Toronto City Hall is really starting to look like a garbage dump
As much as I am loath to use a personal anecdote to characterize the strike in Toronto, I thought I’d share my encounter with picketers at the local transfer station (read: dump) as we enter day 15 of the strike.
It’s taken a month for my family of three to accumulate enough garbage that our medium-sized municipal garbage bin can handle no more (one of the benefits of this strike is that it may be teaching people to stop being such wasteful hogs). Since I recently renovated our bathroom, I threw some dusty odds and ends into a bag, giving me a total of three garbage bags to haul to the dump today.
The dump (I used a transfer station and not a park to deposit my trash) opens at 7am. I got there at 6:45, hoping my “early bird gets the worm” disposition would pay off. I pulled up to a massive line. Or so I thought.
At precisely 7am, the line started moving. It wasn’t much of a line. It turns out that the line of cars in front of me belonged to picketers and municipal staff. I was third. A picketer approached me and told me about why his union was on strike. He wasn’t tense or annoyed. Just matter-of-fact. If I felt that I was being held to a different standard than cops, firefighters and City Councillors, that the city was cracking open my agreement and that thanks to a campaign of misinformation and the typical scorn heaped on union workers held by such dim bulbs as new Conservative leader Tim Hudak and the histrionic chief of the Canadian Federation of Independent Business, I’m not sure I would be Sammy Sunshine or even Adam Apathetic.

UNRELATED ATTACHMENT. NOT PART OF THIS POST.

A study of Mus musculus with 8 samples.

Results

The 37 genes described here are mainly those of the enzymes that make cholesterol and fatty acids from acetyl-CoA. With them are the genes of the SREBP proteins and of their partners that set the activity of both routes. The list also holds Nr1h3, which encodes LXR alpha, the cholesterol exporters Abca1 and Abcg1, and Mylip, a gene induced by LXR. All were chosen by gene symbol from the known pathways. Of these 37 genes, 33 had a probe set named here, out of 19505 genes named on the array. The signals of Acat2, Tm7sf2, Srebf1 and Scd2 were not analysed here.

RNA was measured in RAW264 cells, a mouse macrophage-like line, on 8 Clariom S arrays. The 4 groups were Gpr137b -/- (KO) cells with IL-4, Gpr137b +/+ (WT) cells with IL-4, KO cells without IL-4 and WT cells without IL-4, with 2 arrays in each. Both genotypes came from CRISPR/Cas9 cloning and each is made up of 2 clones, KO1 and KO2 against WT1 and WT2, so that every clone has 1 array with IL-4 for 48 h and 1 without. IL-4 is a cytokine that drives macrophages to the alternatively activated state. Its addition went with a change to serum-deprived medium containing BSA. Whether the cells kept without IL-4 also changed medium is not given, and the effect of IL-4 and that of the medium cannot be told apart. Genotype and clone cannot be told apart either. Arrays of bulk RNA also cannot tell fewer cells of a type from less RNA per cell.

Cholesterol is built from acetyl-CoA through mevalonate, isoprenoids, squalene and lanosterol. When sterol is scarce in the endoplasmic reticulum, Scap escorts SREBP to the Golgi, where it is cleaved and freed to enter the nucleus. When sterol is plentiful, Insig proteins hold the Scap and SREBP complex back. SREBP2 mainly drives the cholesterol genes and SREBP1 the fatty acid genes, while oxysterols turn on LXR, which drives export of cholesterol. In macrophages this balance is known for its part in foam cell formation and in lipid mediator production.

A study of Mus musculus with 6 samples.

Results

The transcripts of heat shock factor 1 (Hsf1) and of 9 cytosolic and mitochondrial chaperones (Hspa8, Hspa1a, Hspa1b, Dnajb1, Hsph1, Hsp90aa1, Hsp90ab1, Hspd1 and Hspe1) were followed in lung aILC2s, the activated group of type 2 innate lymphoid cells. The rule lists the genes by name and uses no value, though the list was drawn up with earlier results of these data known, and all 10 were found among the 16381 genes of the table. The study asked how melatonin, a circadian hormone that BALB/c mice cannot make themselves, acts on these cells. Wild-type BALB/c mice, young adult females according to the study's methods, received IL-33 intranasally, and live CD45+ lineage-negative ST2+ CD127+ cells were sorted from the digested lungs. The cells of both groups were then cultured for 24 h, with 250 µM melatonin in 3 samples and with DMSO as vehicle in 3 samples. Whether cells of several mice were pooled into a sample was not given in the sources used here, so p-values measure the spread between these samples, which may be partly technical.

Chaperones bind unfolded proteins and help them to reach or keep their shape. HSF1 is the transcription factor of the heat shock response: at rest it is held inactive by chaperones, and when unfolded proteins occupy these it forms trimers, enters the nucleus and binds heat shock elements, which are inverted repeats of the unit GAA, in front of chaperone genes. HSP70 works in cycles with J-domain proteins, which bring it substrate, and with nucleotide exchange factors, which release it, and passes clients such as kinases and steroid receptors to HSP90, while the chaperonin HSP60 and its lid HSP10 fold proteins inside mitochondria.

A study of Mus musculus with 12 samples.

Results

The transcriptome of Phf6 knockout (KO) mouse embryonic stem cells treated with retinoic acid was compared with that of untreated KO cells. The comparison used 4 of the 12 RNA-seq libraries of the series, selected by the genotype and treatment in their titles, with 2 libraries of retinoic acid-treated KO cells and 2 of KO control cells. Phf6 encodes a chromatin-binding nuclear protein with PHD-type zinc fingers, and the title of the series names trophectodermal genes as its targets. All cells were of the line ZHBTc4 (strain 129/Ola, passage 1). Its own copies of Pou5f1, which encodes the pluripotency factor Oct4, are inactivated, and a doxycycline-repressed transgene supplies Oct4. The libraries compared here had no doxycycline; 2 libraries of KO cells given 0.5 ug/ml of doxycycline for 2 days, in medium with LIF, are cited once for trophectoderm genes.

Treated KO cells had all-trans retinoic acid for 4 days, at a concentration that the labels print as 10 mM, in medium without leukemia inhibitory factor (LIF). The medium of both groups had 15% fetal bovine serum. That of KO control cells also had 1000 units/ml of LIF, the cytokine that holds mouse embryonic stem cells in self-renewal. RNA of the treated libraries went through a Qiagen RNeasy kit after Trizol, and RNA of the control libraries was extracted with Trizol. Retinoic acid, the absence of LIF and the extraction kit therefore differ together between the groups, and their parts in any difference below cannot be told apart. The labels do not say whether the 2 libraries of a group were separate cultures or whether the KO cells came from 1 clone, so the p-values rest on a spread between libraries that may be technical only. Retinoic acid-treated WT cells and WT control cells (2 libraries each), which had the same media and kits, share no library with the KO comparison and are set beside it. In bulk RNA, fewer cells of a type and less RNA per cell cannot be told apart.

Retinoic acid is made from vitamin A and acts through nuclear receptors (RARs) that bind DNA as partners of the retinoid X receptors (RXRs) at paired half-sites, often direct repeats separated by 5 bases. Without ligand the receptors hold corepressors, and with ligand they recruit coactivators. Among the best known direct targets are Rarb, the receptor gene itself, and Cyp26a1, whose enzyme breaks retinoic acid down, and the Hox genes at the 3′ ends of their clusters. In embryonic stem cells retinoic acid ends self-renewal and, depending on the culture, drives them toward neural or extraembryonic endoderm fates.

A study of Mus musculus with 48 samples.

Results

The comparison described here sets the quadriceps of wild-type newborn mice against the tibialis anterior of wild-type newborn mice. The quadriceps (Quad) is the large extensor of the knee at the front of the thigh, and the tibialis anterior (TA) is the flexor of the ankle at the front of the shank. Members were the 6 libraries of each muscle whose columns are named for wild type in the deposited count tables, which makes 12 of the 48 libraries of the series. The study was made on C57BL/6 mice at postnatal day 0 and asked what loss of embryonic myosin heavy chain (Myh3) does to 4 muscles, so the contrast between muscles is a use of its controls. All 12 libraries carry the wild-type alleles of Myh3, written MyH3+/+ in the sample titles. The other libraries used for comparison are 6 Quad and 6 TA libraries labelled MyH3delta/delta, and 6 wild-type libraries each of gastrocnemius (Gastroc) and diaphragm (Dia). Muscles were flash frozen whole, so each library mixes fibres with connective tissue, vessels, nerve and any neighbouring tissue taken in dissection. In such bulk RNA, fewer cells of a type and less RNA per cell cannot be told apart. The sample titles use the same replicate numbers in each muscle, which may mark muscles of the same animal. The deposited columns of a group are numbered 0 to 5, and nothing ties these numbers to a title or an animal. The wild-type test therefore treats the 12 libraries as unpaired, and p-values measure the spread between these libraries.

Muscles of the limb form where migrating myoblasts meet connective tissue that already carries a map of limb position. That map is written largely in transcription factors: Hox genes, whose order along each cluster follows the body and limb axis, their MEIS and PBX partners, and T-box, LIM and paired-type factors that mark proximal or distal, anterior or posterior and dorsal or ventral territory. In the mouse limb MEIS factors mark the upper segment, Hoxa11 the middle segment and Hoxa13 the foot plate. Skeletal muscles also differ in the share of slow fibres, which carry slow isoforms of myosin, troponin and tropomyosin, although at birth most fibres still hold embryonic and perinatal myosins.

Less than five minutes after the dump opened, two municipal employees were helping me unload my garbage. I looked around at the picketers and I saw some long faces, some apparently fatigued, maybe some worried about how they’re going to pay this month’s rent or mortgage. I saw neighbours and workers and members of the much vaunted but continuously chipped-away-at middle class.
People who weren’t even remotely responsible for the current economic malaise (much like most of you weren’t responsible) but are asked to pay for the avaricious and criminal behaviour fostered by our neoliberal system.
Maybe too many have bought into the absurd notion that we should be happy we have a job (incidentally, having a good, well-paying job allows people to buy stuff to make the economy go round). That social Darwinism, which under Herbert Spencer’s concept of “survival of the fittest” fits capitalism like a glove, is even passively accepted is shocking. Maybe there is a bitterness in all of this, some odd psychological, Schadenfreude-like condition where those who face uncertainty in their jobs wish the same misery on others.
Or maybe, too many have either woefully short memories or are sycophants to anyone with the patina of wealth that we have easily forgotten who got us into this fine mess in the first place. But we’ll focus our anger and frustration on the first easy target.
NB: The issue of sick days keeps getting raised as if it’s some kind of evil specter. According to CUPE Local 79 (the indoor people), 10,000 of its 18,000 members don’t qualify for sick days. And CUPE Local 416 (outdoor) notes that in order for someone, at retirement or resignation, to haul in 6 months worth of pay through accumulated sick days, that person would have to work for 18 years without falling ill.